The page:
Quad City Times
November 2, 2011
By Kay Luna
Don't force Illinois school districts to consolidate.
But help those that do.
Consider new ways to educate kids, including virtual schools.
These are some of the suggestions presented Wednesday to Illinois Lt. Gov. Sheila Simon at Black Hawk College in Moline, where she led the Classrooms First Commission in a public hearing about ways to improve student learning and efficiencies in the state's nearly 870 school districts.
The public hearing, the third of its kind across the state, gave people the chance to provide testimony on issues facing preschool through 12th-grade education in Illinois.
"We want to hear what we can learn for you," said Simon, who serves as Illinois Gov. Pat Quinn's point person on education reform, "and what we can share with you across the state."
Simon added that the hearings have been well attended, including the one in Moline, where nearly every seat was filled. Afterward, she was scheduled to tour the new Western Illinois University-Quad-Cities riverfront campus in Moline.
Many of the speakers who addressed Simon and commission members seemed most concerned that the state would force districts to consolidate.
Joe Buresh, district superintendent in Annawan, Ill., said he is opposed to that idea and is concerned that "educational efficiency and educational success are undefined in current talks."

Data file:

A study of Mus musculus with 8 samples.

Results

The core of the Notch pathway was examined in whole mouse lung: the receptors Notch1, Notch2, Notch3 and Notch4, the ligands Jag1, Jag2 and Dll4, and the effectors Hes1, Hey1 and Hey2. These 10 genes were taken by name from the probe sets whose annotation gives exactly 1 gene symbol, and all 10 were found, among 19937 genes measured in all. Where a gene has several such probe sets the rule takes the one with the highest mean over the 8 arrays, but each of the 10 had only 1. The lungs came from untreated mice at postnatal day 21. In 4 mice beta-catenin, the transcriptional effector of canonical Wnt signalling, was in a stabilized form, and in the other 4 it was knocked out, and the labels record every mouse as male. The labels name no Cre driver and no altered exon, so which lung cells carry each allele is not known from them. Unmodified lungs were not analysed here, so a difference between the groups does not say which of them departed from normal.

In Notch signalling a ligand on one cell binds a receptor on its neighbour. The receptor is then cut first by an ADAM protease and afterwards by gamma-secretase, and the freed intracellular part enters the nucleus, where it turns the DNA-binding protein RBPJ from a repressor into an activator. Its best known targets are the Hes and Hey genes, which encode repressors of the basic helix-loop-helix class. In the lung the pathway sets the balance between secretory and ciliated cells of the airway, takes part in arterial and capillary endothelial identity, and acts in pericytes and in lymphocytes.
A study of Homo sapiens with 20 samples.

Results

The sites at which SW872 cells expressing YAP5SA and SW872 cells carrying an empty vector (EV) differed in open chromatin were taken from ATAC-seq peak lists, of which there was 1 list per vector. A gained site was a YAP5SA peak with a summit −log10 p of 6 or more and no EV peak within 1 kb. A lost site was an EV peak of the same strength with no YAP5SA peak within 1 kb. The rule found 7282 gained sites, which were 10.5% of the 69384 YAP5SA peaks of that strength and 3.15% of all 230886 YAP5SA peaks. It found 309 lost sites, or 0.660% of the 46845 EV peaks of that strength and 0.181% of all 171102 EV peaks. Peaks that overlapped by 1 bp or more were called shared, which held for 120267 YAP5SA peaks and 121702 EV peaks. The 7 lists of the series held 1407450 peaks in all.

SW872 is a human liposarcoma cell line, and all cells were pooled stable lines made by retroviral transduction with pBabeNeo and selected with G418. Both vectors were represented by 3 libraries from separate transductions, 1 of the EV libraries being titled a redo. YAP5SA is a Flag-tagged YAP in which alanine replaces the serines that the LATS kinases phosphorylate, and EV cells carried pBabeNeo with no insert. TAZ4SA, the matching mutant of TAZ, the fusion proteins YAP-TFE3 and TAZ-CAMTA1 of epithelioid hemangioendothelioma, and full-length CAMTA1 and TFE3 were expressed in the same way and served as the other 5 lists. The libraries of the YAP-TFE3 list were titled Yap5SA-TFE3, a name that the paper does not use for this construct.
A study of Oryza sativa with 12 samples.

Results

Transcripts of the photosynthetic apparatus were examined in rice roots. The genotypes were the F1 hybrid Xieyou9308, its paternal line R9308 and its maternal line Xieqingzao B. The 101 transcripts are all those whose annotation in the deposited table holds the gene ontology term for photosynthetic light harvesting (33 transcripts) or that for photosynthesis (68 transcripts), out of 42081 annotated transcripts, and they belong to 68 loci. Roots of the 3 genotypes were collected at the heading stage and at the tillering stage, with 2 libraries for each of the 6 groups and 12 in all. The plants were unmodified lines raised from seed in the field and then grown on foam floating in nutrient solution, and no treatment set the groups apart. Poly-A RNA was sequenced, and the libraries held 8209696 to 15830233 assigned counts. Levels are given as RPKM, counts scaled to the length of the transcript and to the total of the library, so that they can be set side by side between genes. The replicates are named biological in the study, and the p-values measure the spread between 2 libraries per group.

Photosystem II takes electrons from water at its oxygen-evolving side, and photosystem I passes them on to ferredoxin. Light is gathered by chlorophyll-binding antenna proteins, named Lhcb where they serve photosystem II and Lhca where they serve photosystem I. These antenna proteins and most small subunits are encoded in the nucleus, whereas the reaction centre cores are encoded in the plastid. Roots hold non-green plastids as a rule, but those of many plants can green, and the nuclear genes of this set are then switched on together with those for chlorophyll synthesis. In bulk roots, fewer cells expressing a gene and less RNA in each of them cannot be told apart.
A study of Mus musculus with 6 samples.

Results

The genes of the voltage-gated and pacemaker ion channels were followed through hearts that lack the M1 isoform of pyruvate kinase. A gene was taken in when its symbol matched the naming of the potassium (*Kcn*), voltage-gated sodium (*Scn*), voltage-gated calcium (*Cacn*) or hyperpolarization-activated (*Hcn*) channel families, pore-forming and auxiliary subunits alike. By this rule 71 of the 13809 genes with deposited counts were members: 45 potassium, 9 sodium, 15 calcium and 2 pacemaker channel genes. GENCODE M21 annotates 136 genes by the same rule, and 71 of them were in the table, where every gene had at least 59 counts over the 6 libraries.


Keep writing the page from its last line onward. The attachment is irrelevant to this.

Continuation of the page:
"What is best for children needs to ring out the loudest," he said.
Norm Durflinger, director of the Center for the Study of Education Policy at Illinois State University, said if the state does decide to require school district consolidations, then "academic performance should be one, if not the leading factor, in consolidating schools."
Durflinger also suggested efficiencies such as pooling health insurance between districts, adding that "some of this may have to be forced."
A few mentioned the state's regional offices of education, saying they handle some of their districts' administrative duties and don't know what might happen if they went away.
Henry County Board chairman Tim Wells said he wants the state to "plan first, then execute." He wants to see an entirely new K-12 system, with virtual schools and a focus on the "four A's:" academics, athletics, arts and activities.
Jay Morrow, superintendent of the United Township High School District in East Moline, said the state also should consider changing the state's tax structure to keep more families living in Illinois, rather than moving to Iowa. He said some changes also could allow for more education funding.
The commission is expected to begin drafting recommendations in April for the state to consider.